Vol. 18 No. 2 (2012)
Articles

Spatial and temporal variation of extremely low minimum temperatures in Hungary during the period between 1951 and 2010

Published July 26, 2012
L. Lakatos
University of Debrecen, Centre of Agricultural and Applied Economic Sciences, Department of Agricultural Engeneering H-4032 Debrecen, Böszörményi 138, Hungary
Z. Sümeghy
University of Szeged, Department of Climatology and Landscape Ecology H-6722 Szeged, Egyetem u. 2.
M. Soltész
University of Debrecen, Institute of Horticulture, H-4032 Debrecen, Böszörményi 138, Hungary
Z. Szabó
University of Debrecen, Institute of Horticulture, H-4032 Debrecen, Böszörményi 138, Hungary
J. Nyéki
University of Debrecen, Institute of Horticulture, H-4032 Debrecen, Böszörményi 138, Hungary

Lakatos, L., Sümeghy, Z., Soltész, M., Szabó, Z., & Nyéki, J. (2012). Spatial and temporal variation of extremely low minimum temperatures in Hungary during the period between 1951 and 2010. International Journal of Horticultural Science, 18(2), 75-80. https://doi.org/10.31421/IJHS/18/2/1037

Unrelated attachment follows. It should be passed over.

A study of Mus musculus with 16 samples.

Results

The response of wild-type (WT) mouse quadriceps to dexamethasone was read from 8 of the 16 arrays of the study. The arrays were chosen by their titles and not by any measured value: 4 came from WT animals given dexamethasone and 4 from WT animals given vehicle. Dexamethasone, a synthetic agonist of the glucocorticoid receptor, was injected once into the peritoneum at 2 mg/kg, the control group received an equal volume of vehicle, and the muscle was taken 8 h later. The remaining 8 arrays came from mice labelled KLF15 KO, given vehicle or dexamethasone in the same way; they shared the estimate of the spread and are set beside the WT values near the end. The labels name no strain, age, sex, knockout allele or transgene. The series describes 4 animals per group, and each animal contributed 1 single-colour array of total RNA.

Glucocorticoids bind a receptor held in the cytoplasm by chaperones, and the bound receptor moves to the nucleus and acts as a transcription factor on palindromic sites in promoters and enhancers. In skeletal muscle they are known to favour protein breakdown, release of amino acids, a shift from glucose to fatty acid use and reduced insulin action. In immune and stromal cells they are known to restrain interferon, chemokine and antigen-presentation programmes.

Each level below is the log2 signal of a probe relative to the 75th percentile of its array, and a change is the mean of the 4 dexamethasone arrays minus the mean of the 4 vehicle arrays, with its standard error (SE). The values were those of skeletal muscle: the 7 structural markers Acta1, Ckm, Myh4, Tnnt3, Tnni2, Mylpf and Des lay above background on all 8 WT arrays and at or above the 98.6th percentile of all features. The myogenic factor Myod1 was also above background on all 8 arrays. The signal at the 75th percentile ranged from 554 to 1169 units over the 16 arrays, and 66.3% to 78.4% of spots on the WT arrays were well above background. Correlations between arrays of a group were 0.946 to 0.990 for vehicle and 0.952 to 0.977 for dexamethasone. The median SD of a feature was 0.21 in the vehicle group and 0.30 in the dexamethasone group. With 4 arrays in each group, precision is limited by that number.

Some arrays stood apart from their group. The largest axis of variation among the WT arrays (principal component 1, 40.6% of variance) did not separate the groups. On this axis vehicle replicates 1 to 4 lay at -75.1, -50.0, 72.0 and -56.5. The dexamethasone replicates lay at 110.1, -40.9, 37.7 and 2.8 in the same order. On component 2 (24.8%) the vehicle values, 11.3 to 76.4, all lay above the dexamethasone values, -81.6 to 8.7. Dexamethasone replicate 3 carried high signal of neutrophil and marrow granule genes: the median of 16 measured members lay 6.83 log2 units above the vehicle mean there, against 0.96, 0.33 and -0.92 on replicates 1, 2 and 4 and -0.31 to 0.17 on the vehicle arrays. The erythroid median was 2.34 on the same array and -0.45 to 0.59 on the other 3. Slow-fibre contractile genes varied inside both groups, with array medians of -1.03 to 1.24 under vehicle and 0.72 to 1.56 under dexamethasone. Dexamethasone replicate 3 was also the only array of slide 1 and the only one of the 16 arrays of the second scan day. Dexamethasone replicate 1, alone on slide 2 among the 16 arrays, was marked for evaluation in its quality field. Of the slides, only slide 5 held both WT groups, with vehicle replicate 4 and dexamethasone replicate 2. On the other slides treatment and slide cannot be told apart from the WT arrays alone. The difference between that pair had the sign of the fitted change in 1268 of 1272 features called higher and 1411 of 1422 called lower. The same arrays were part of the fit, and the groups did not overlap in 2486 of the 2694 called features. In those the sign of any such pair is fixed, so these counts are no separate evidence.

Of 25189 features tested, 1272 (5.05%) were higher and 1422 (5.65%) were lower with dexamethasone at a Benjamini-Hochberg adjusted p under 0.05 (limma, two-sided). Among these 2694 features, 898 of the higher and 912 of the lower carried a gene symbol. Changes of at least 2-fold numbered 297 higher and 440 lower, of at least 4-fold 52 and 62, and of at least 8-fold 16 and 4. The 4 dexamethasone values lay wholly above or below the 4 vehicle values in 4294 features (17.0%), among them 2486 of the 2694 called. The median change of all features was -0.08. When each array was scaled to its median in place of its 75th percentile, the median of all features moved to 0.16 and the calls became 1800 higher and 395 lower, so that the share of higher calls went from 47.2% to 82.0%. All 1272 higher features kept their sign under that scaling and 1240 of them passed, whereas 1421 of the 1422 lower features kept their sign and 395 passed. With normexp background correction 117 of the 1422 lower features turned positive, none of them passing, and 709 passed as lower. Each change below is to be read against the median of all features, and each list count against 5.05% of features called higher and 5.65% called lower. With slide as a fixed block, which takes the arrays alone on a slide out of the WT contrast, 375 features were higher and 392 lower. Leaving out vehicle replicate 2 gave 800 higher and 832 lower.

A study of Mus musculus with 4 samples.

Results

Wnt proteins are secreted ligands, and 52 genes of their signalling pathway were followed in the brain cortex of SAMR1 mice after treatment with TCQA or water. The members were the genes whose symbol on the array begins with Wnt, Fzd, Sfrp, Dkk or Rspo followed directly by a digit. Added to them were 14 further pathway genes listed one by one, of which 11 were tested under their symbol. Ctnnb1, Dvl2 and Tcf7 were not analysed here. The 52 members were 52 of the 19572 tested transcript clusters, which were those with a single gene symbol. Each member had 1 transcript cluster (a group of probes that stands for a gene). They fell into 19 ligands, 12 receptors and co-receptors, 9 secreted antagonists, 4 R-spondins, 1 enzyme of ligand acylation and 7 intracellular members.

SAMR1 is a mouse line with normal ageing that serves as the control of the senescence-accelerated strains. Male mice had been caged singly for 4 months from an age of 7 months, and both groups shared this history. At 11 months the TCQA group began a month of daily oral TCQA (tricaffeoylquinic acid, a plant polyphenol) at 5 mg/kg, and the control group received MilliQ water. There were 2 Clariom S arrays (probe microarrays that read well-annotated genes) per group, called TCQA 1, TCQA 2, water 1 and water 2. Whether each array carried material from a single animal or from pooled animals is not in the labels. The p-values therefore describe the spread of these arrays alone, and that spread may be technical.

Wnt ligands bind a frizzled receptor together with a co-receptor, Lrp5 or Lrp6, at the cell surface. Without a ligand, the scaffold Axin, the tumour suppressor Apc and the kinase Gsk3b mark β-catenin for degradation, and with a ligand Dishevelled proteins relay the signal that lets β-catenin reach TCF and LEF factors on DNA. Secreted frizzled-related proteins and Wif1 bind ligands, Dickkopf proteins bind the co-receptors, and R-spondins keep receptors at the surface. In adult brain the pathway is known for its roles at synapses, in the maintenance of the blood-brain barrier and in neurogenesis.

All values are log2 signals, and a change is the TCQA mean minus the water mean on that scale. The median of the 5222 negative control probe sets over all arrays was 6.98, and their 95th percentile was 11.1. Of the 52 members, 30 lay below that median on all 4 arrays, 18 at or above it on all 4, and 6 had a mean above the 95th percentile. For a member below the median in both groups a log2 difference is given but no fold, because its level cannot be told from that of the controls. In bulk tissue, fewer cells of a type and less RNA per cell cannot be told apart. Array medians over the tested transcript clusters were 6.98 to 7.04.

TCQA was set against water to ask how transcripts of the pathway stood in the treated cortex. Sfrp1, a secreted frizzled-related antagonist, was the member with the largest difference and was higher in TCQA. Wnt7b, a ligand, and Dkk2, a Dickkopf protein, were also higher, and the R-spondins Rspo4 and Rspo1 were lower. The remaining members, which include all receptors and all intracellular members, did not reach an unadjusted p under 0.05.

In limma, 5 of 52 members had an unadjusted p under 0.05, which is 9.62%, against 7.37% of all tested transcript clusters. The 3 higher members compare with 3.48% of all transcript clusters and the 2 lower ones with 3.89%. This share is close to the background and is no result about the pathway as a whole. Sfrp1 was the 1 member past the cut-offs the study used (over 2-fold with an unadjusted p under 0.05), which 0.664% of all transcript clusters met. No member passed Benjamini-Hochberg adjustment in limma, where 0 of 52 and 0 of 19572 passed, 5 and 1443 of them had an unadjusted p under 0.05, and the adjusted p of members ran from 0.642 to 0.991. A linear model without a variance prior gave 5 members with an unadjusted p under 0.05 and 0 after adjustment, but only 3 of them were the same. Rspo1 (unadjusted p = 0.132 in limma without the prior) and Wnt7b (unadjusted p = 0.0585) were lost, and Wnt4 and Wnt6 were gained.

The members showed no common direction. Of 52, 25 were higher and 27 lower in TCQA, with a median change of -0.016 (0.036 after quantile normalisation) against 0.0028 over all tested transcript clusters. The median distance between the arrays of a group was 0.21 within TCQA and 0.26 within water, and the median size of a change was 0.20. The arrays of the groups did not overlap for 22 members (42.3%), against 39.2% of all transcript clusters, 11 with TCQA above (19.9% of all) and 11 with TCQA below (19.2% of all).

For this study, data of 16 meteorological stations have been processed over a period of 60 years with the purpose to reveal the spatial and temporal structure of the frequencies of absolute extreme minima in Hungary with special reference to the surmised global rise of temperatures on a worldwide scale. In the main areas of fruit growing, the monthly or seasonal absolute temperature maxima and minima are presented during the 60 year-long period and projected on the geographical map. For the main fruit- and vegetable growing regions the probability of winter- and late frosts is of prime interest. The time series of extreme temperatures though did not prove signifi cant changes over the period observed, but the information upon changes and their tendencies is a precious tool being utilised in planning, choice of adequate varieties for a longer period of time in the future. The deleterious winter frosts experienced in fruit production is not a consequence of a sole drop to a minimum temperature, but of an earlier period of mild temperatures during the winter, which sensibilised the trees. Frequent and extreme variations of temperatures may cause troubles at any time during the year and reduce the yields conspicuously. We ought to get familiar with the hazards of our climate and fi nd optimal solutions to mitigate the damages expected. The seasonal and monthly distribution projected on the geographical map we can follow up also the spatial relations and the signifi cance of their occurrence. Coeffi cients of variation between meteorological happenings at different localities facilitate the calculation of the probability of risks on the surrounding areas.